In business today, it is impossible to over emphasize the importance of building and maintaining relationships with your customers and vendors.
I am going to outline an example that have been specific to our business that I think probably do a better job describing the impact of relationships.
eMonarch is a Cisco SMB Select partner who has sold very little Cisco gear in the last 24 months. I mean less that 5K worth of their products. However there are three folks at Cisco in the local office who NEVER fail to answer my questions, work with me to understand what Cisco has to offer me and never treat me or eMonarch like a tiny partner.
Now we have a "relationship" with another security vendor who is in the small business space. We sold a lot of their gear when we first became a partner and we got a lot of attention. But once we converted our current customer base to their solution, our sales dropped off and they dropped off the planet! Now no phone calls, no emails, nothing!
So our response? Cisco is getting all of our networking, telephony and security business. Both companies make great products but because of the steady work of the local Cisco channel team, we will sell Cisco gear. Cisco has earned the opportunity for me to put them in front of our customers. And it is not because of the Cisco name but simple because of the investment these people put into developing a relationship with eMonarch.
What is remarkable about this example is that here is a very large company (Cisco) that is putting the effort into building a relationship with a small company in Tulsa, OK. Now to be really honest, I know all the credit goes to the three gentlemen here in the local office. But I see the effort and commitment to helping eMonarch be a success and it will pay off.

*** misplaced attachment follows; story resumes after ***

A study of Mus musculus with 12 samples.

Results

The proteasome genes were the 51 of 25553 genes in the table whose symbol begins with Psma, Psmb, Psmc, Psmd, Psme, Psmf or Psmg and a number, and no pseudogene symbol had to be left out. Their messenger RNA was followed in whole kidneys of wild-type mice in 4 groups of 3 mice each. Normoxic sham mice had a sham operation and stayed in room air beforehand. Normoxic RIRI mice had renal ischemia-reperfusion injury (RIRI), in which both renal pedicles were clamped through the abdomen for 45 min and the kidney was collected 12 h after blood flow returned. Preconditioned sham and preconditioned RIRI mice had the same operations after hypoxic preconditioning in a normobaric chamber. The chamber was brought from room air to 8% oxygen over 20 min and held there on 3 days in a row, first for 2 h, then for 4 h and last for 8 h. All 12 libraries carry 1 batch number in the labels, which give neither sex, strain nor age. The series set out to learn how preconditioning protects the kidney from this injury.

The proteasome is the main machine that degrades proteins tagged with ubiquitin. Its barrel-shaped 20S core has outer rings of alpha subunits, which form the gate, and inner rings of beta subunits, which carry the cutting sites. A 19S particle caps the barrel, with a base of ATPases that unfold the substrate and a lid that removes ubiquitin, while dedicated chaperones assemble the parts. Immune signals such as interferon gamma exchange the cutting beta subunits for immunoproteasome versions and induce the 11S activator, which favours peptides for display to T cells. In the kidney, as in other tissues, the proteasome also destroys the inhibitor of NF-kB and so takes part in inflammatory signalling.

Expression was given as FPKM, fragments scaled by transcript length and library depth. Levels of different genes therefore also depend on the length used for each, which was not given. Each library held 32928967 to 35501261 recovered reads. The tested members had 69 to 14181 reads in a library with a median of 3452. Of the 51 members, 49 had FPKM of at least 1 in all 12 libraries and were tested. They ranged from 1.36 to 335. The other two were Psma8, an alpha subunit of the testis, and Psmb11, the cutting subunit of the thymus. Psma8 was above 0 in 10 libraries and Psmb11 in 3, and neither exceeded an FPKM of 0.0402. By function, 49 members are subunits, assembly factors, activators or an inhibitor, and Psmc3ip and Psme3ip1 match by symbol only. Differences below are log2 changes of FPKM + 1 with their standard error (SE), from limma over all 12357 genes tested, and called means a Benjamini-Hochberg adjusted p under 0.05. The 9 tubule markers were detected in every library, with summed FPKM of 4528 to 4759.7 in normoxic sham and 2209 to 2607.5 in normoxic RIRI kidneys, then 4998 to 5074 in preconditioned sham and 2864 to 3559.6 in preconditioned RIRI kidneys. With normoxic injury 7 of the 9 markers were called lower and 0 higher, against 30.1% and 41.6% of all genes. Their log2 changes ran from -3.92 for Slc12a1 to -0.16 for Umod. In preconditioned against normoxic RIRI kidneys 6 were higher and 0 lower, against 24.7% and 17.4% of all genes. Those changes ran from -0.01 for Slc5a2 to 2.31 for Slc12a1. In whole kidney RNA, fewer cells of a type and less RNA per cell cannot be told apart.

Vendors can play a critical part in your business success and it does not have to be just vendors where you source product. The office supply company (Admiral Express), the office building, the CPA, and the list goes on.
But where I think the real key is, is that the relationship has to be a win-win. It cannot be a "what can we get out of them" relationship but rather "How can we help them achieve their goals" kind of relationship. The local office supply company should not be getting beat up on price but rather I should commit our business to pushing all our office supply purchases to them. I want them to be successful because I know they will be around to help me. If I am only out for the lowest price then I should not be surprised by poor service and no commitment from them to help me out.
As the customer, we need to focus on making sure our vendors get what they need from us. How can we help them grow their business? Ask them! Find out how you can help them get more customers. If you really like what they do, then offer to send a letter to your customer base introducing them.
As small businesses we should be partnering with our vendors and not just "doing business" with them.